By Jim Shilander
Lonnie Laster has restored classic cars for years. But he was never expecting the opportunity to get a second chance at his first wheels.
Laster, who lives with his wife Pam in Capistrano Beach, was given his first car by his grandparents in 1959, when he was 14. Laster’s grandfather, Roy Sharp, originally bought the 1938 Chevrolet coupe in 1942, from a Japanese neighbor who was preparing his family for relocation to a World War II internment camp. The neighbor was trying to get rid of as much as he could, so he proposed a deal.
“They wouldn’t sell him the car unless my grandfather also agreed to take their dog,” Laster said. “So we named the car after the dog, Margie.”
Laster said his grandfather had originally intended to give the car to his older brother, Eddie, who was about to get his license.
“He was going to fix it up, but then he decided he wanted something that would actually run. So he gave the car to me,” Laster said.
Since he wouldn’t be a licensed driver for another year or so, Laster set to work fixing up the car, which his grandfather had been driving for 20 years.
“I didn’t have my license, so I started tearing the car apart. Any nut or bolt I could take off, I took off. I cleaned everything and put it back together… I had the car painted bright red, and took it down to Tijuana for ‘tuck and roll’ upholstery.”
It was in the “little red coupe,” that Lonnie and Pam rode around in when they began dating in October 1961. Less than a year later, Eddie borrowed the car and took a trip to Balboa Island, where he met his own future wife.
Lonnie left the car at home when he attended school at UC Santa Barbara, so other family members drove it while he went to school. After graduating, Lonnie took the car back and began raising a family with Pam. Since the car had only one bench seat, it wasn’t really a practical car for a family of five, so Lonnie and Pam sold the car in 1977. Shortly thereafter, he bought a similar model, this one with two rows of seats, which he also worked to restore.
Laster figured he’d seen the last of the old ’38 Chevy after he’d sold it, but he kept up his hobby of restoring cars that had begun with “Margie.”
After beginning work earlier this year on a 1940s Ford pick-up truck, Laster ventured up to a mechanic he’d frequently used on his cars in La Crescenta. It was there he made the discovery that brought him back a lifetime.
“I noticed, in the back, with all the junk cars and parts, a car that looked like the one I had.” After getting help with his truck, Laster decided to a closer look at what was there.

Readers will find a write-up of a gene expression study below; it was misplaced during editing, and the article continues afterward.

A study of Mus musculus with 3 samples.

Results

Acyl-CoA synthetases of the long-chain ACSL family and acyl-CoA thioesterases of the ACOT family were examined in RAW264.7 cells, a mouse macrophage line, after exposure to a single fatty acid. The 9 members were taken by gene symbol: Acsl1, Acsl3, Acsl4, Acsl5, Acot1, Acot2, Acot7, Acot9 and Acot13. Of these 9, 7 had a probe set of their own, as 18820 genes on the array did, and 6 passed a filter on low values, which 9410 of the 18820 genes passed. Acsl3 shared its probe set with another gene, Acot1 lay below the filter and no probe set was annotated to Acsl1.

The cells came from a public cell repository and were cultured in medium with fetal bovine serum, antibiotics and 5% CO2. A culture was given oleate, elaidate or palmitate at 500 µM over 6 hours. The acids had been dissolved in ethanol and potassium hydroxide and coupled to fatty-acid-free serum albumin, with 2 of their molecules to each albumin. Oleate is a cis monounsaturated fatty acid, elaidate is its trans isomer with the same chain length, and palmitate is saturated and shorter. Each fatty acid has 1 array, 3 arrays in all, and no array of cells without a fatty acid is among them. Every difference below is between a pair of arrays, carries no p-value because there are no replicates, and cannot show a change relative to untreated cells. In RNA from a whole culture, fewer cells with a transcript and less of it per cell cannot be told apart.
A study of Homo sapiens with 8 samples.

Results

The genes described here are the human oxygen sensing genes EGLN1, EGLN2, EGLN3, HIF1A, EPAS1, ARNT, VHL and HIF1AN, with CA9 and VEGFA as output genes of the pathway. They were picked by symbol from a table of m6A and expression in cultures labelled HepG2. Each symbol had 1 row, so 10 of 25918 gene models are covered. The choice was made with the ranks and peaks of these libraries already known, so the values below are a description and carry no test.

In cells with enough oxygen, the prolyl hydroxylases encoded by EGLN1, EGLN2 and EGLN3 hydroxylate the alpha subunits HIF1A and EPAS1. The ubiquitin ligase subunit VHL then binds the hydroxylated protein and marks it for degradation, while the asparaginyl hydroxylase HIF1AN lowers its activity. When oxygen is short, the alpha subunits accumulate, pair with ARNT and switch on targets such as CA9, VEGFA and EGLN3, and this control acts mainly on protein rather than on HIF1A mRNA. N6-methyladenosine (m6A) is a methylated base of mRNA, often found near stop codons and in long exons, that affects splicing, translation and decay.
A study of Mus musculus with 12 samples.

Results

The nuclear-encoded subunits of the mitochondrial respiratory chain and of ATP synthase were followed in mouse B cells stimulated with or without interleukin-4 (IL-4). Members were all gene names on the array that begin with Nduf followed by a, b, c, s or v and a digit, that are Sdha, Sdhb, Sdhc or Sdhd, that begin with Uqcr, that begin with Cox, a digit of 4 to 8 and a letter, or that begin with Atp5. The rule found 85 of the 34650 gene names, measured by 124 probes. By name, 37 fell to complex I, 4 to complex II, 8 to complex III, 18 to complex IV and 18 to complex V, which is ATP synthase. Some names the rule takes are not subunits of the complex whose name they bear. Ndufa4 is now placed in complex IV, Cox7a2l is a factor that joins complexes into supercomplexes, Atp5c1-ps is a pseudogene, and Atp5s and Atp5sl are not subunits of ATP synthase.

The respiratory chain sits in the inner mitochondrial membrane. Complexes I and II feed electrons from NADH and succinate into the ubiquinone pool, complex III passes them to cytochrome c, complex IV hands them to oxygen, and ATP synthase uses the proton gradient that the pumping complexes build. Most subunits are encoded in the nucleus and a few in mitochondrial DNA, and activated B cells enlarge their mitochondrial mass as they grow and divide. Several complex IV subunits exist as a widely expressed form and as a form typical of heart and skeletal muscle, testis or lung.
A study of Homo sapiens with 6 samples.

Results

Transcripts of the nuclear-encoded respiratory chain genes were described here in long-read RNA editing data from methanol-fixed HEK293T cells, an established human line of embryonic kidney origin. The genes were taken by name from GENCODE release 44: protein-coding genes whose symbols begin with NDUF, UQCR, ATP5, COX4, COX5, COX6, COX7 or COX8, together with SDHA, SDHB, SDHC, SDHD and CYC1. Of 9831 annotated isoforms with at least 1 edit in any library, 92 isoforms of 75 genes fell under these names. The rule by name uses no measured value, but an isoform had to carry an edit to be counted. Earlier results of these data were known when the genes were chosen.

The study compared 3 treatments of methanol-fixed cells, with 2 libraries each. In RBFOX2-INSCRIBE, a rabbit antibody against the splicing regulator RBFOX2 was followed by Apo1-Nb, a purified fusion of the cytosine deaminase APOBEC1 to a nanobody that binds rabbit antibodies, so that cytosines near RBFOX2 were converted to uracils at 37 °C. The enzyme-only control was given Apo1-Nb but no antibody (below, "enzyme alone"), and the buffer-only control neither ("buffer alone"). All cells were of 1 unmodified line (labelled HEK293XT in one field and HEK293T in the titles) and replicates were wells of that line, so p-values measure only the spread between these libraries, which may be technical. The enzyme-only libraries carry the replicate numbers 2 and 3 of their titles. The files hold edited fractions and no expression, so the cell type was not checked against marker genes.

“I said ‘Oh my gosh, this is my car.’”
The car had been sold again in 1988, Laster discovered, and been stored at the mechanic’s, who was a friend of the new owner.
“For 25 years, it sat in that same spot,” Laster said.
“Nobody had done anything to it. It’d been driven only a little bit. I told the man at the mechanic’s ‘I’ve got to have this car.’”
To clinch it, the day he spotted the car, August 27, was his 46th wedding anniversary. The car’s old registration cards were still there to boot.
But Laster wasn’t the first person to see something special about the car sitting in the back. Many others, he was told, had made offers to the new owner, but he hadn’t taken any of them up. The new owner was initially reluctant to part with the car, but finally relented after he was sent some of the photographs Laster had taken with the car as a teenager.
To make the timing of the discovery even sweeter, Laster had his 50th class reunion coming up. He got to work immediately on the car. He kept the current paint job, the one he’d applied as a teenager, but had repairs done to the electrical system, brakes and everything else on the car that wasn’t in good condition. The motor, he noted, was still pristine.
“It runs great, really,” Laster said.
The car took two prizes at the car show that accompanied the reunion, where one person said he remembered Laster’s brother dropping him off at school nearly 50 years earlier.
“He used to pay my brother 35 cents a week,” Laster noted. “My mother used to take it up to Los Angeles to visit her sister. It seemed like everyone in the family had some connection to it.”
There’s still some additional work still to be done to Margie. Laster said the water pump needs to be replaced, and there are still a few oil leaks to plug. But that doesn’t change what having the old car means to him, Laster said. “People find their cars, but they don’t find it in the exact condition it was in 50 years ago.”